Choosing the right container for your plant

Featured Photo by bigplastshop from Pixabay.

Choosing pots entails knowing which type is right for plants to grow well. Whether you place it indoors or outdoors, the right kind of container is a must to avoid future problems. Along with choosing a pot is knowing the correct sun exposure, watering frequency, and climate. The material of your planter must be suitable to the conditions of your environment as well. You wouldn’t want your planter to be toppled by the wind, right? Here are the pros and cons of various pots to consider:

Terracotta and clay

Terracotta clay pots are fragile yet highly absorbent planters. This makes a good container as air freely flows inside, allowing excess moisture from the soil to evaporate. It also prevents root rot caused by overwatering.  However, these unglazed pots tend to dry out easily, hence, your plants will demand more watering. It can also be very weighty and fragile, which makes it harder to move them in many circumstances like moving houses or transferring them indoors during stormy seasons. If not carefully held, it can also easily break when dropped.


Compared to unglazed terracotta, ceramics are less porous. They don’t easily dry out and retain moisture longer. These also have wider style choices than terracotta clay pots. But they can be heavier and more costly. This type of container is not recommended for condo or high apartment dwellers, especially for those whose garden is found on their balcony. If exposed or placed in cold conditions, most types of ceramic pots may also break from repeated freezing.


Plastic is lightweight and flexible to weather compared to the first two containers. This pot type won’t break, even in great heat or cold. Besides longer moisture retention, this is also very handy as you can simply move it from one place to another. The downside of this is that not all plastics are food-grade, hence if you are planting food, double-check if the plastic you’re getting is food-grade stable to ensure that it won’t spread toxic chemicals onto your crops. An efficient alternative to this are BPA free plastic gallons.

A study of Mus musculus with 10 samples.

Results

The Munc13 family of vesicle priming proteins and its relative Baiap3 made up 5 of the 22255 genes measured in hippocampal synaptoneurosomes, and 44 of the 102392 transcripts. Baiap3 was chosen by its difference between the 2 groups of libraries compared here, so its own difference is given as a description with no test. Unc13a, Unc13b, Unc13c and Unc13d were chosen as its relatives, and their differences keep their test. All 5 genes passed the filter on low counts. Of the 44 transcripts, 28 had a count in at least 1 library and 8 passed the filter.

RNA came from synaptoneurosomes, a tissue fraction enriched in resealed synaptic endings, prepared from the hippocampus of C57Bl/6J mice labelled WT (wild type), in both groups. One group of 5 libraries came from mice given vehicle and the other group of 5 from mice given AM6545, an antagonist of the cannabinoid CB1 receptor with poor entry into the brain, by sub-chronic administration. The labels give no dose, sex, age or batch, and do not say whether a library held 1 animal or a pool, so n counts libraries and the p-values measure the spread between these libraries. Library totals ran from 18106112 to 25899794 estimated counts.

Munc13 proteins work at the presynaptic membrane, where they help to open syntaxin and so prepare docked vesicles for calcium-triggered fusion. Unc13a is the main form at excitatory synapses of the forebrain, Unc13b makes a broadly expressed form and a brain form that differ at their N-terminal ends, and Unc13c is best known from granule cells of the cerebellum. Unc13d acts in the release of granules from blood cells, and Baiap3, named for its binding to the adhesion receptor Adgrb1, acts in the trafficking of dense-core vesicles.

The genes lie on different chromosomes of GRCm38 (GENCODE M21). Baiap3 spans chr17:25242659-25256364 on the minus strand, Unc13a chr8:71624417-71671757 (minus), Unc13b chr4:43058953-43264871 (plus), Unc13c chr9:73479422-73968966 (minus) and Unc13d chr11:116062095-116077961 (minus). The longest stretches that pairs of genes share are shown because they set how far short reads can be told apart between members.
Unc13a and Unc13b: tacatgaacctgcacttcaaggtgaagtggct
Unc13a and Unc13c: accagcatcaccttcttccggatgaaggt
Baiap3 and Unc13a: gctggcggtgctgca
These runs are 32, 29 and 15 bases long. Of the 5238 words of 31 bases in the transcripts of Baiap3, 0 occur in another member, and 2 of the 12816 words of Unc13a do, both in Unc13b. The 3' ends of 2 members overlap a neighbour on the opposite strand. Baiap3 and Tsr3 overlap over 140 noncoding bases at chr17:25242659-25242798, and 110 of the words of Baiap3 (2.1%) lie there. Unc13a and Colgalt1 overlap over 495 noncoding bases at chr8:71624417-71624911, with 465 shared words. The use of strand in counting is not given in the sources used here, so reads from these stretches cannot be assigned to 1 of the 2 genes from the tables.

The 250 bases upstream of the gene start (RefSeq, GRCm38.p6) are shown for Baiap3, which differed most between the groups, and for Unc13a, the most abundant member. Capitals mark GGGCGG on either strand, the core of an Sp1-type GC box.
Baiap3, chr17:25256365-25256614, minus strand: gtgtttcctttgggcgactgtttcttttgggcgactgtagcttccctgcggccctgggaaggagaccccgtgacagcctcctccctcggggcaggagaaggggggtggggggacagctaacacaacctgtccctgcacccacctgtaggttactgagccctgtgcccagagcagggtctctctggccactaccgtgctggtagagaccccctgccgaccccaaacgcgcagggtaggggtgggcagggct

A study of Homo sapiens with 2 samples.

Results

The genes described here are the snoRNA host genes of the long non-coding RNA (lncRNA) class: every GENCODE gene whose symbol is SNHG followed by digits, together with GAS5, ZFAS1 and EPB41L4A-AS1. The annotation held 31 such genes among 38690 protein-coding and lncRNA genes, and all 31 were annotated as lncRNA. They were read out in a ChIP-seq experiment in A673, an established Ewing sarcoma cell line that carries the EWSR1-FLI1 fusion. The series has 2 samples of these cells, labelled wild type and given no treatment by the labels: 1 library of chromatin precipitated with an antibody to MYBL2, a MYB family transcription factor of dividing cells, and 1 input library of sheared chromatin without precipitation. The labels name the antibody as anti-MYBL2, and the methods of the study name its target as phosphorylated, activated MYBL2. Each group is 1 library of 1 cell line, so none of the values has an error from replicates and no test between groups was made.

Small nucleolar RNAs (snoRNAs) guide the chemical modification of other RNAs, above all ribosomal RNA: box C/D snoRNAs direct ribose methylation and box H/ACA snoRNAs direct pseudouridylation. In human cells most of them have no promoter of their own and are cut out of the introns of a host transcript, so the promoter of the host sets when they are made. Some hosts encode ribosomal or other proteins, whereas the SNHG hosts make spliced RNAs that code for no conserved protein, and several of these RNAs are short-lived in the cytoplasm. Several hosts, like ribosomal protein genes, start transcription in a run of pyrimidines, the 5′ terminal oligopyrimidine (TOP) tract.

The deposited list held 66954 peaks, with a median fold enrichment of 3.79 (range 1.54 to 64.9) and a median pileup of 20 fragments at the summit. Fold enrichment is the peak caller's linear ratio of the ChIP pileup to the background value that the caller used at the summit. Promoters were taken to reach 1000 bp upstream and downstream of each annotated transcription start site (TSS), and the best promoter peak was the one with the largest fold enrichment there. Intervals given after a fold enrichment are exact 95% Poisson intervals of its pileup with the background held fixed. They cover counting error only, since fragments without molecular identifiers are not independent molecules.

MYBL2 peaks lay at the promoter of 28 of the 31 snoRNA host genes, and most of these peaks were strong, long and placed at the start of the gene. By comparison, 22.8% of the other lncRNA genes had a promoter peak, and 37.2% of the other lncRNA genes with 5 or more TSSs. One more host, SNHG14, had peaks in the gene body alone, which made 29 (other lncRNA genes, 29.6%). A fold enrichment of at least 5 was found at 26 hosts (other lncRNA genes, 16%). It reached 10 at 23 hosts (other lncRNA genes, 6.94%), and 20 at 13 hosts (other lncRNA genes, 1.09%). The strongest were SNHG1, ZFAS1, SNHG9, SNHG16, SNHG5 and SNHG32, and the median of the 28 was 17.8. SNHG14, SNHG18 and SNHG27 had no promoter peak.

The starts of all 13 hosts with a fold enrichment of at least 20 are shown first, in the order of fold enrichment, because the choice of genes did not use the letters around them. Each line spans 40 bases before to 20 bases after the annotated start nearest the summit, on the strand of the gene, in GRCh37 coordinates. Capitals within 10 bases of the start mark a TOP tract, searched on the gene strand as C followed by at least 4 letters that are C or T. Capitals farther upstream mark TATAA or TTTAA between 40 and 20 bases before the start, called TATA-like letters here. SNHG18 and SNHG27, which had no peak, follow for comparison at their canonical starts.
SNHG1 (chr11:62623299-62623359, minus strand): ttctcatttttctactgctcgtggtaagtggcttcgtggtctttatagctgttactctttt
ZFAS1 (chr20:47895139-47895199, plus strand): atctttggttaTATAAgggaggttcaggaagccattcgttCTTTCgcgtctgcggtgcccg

Fiberglass and resin

Like plastic, fiberglass and resin are also lightweight and tolerant to various climate conditions. These are durable that can also be good substitutes for clay or ceramic pots. However, there are times when fiberglass and resin containers can be more costly than ceramic pots.

Concrete, stone, and cast stone

These are heavy planters that are extra weather-resistant because strong winds can’t tumble them due to their weight and resistance to prolonged rain and humidity. Apart from being durable and long-lasting, these materials also provide heat insulation in hot weather. They also come in various styles, shapes, and sizes. But like the other heavy containers, they are hard to move.

Fiber Cement

Lightweight concrete may be an alternative to real stone not only because it is less expensive, but also because it looks and feels like natural stone. It also retains more moisture than clay pots. However, being made of cement, it may leak lime into the soil.


Hypertufa containers are formed using cement, peat moss, and perlite. This type of planter can be creatively made at home, and can be decorated with additional designs like rope or leaves. However, hypertufa pots may also require weeks to cure and to remove the lime from the cement that can harm the plants.


Other than its distinctive look, wood containers can also last long when maintained. Many types of wood like teak and cedar are weather and rot-resistant and are good for planting. This can also be inexpensive and can be simply constructed at home by repurposing your used materials like discarded dressers, barrels, or old crates. To lengthen its use, maintain it by painting and resealing the wood from time to time.  


If you’re looking for a heavy-duty and lasting container, consider ones made from metal. However, metal can get really hot, especially when exposed to excruciating summer heat. As a sun-absorbent container, it can stress the plants and damage their roots. To prevent this, it’s best to place metal planters in areas with less sun exposure, to add a layer of mulch on top, and to water often to keep the soil moist and cool.

Textile grow bags

Yes, textile grow bags are also a thing in the market. Its designs have Velcro straps and zippers. This is a durable, breathable, convenient, and reusable type of planter. If created with great drainage, fabric containers can protect roots from diseases and pests.  An alternative to this is reusing a fabric eco-bag from the grocery. However, huge bags filled with soil may be hard to transfer. It may also tear if not properly carried and supported at the bottom when moving or changing its location. If available, you may also use biodegradable shopping bags with handles as a hanging planter.